Champaign County businesses are struggling to find enough qualified, skilled employees to fill job openings. And local students need the education and skills to prepare for these in-demand career opportunities.
Local business and school representatives are working together to address both sides of this equation through the Champaign Business Advisory Council (BAC). The BAC complements workforce development efforts of the Champaign Economic Partnership, CEP Director Marcia Bailey said.
The Champaign-Madison Educational Service Center (ESC) formed the BAC about three years ago when a new state law called for school districts to form BACs, to build relationships between businesses and schools. The local BAC includes representatives of the five county school districts, Ohio Hi-Point Career Center, the ESC, local businesses, and Ashley Cook, business liaison for the CEP.
Businesses active in the BAC are primarily in manufacturing, but the BAC is inviting more types of businesses to get involved, said Jill O’Neal, a BAC member and human resources manager for Weidmann Electrical Technology in Urbana.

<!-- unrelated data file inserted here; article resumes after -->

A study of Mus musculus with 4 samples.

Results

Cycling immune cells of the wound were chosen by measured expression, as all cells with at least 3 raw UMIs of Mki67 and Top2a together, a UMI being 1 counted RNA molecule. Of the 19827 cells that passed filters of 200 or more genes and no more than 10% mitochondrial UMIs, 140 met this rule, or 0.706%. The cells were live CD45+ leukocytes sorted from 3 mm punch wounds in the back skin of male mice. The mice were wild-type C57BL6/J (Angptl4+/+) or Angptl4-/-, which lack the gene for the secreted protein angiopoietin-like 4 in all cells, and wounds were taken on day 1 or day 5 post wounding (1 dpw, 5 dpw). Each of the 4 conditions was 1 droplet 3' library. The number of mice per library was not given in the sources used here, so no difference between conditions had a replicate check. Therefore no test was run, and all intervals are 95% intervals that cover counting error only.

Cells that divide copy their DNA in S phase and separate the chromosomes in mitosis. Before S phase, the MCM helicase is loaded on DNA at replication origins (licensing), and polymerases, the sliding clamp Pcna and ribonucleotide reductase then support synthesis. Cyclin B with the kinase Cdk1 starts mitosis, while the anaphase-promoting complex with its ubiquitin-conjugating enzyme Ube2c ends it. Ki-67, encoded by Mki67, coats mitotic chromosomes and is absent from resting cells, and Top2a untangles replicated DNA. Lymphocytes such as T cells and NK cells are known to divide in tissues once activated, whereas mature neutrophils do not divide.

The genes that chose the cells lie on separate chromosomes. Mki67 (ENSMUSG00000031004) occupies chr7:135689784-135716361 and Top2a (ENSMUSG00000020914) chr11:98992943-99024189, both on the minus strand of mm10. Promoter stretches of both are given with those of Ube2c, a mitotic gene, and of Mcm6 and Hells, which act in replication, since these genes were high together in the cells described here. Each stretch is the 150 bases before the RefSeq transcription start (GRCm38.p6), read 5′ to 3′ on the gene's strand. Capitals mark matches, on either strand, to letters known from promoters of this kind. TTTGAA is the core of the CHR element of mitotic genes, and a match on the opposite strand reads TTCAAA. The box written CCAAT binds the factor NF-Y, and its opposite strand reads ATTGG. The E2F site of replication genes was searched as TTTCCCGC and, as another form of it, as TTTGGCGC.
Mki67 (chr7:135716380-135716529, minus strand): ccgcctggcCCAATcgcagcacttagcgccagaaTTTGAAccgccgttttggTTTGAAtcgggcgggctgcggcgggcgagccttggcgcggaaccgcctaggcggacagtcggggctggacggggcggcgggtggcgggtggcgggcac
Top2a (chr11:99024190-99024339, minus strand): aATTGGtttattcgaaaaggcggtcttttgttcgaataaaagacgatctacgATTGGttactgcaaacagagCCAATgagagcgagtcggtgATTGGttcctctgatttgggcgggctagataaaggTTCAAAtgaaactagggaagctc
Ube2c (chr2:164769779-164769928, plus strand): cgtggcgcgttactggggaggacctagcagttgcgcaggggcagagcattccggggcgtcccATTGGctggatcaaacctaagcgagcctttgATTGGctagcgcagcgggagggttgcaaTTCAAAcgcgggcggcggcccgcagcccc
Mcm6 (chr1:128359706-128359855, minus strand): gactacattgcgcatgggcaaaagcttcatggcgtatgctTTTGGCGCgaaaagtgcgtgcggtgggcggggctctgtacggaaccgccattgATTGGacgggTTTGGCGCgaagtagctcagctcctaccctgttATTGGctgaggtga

“We welcome more business leaders to attend to provide their input in local workforce needs and how to enhance school curriculum to prepare students,” O’Neal said.
Scott DeLong, president of Champaign Residential Services Inc. (CRSI), has become an active member. He wants to help address the need for qualified job candidates in human services and health care. “I’m excited about the work we’re doing, and hopefully we can keep more students in the community after graduation.”
The BAC meets quarterly, with 2019 meetings scheduled at 1 p.m.
June 26 at Bundy Baking Solutions, Sept. 5 at Champaign Residential Services Inc. and Dec. 5 at Graham High School.
O’Neal said that the BAC includes three active subcommittees: · Business Relations, to strengthen the working relationship between businesses and schools · Workforce Development, to address current and future workforce needs in the county · Curriculum Development, to develop educational programs in local schools to prepare students for in-demand careers after graduation Dan Kaffenbarger, ESC superintendent, said, “The BAC creates a line of communication and collaboration between the schools and businesses.
Our short-term goal is to inform older students about job opportunities in the county. For the longer term, we’re looking at middle school and early high school students, to help them develop soft skills (such as work ethic and critical thinking) and provide curriculum that will give them the competitive advantage that employers are looking for.”
Businesses leaders interested in learning more about the BAC may call Kaffenbarger at the ESC, 937-484-1557.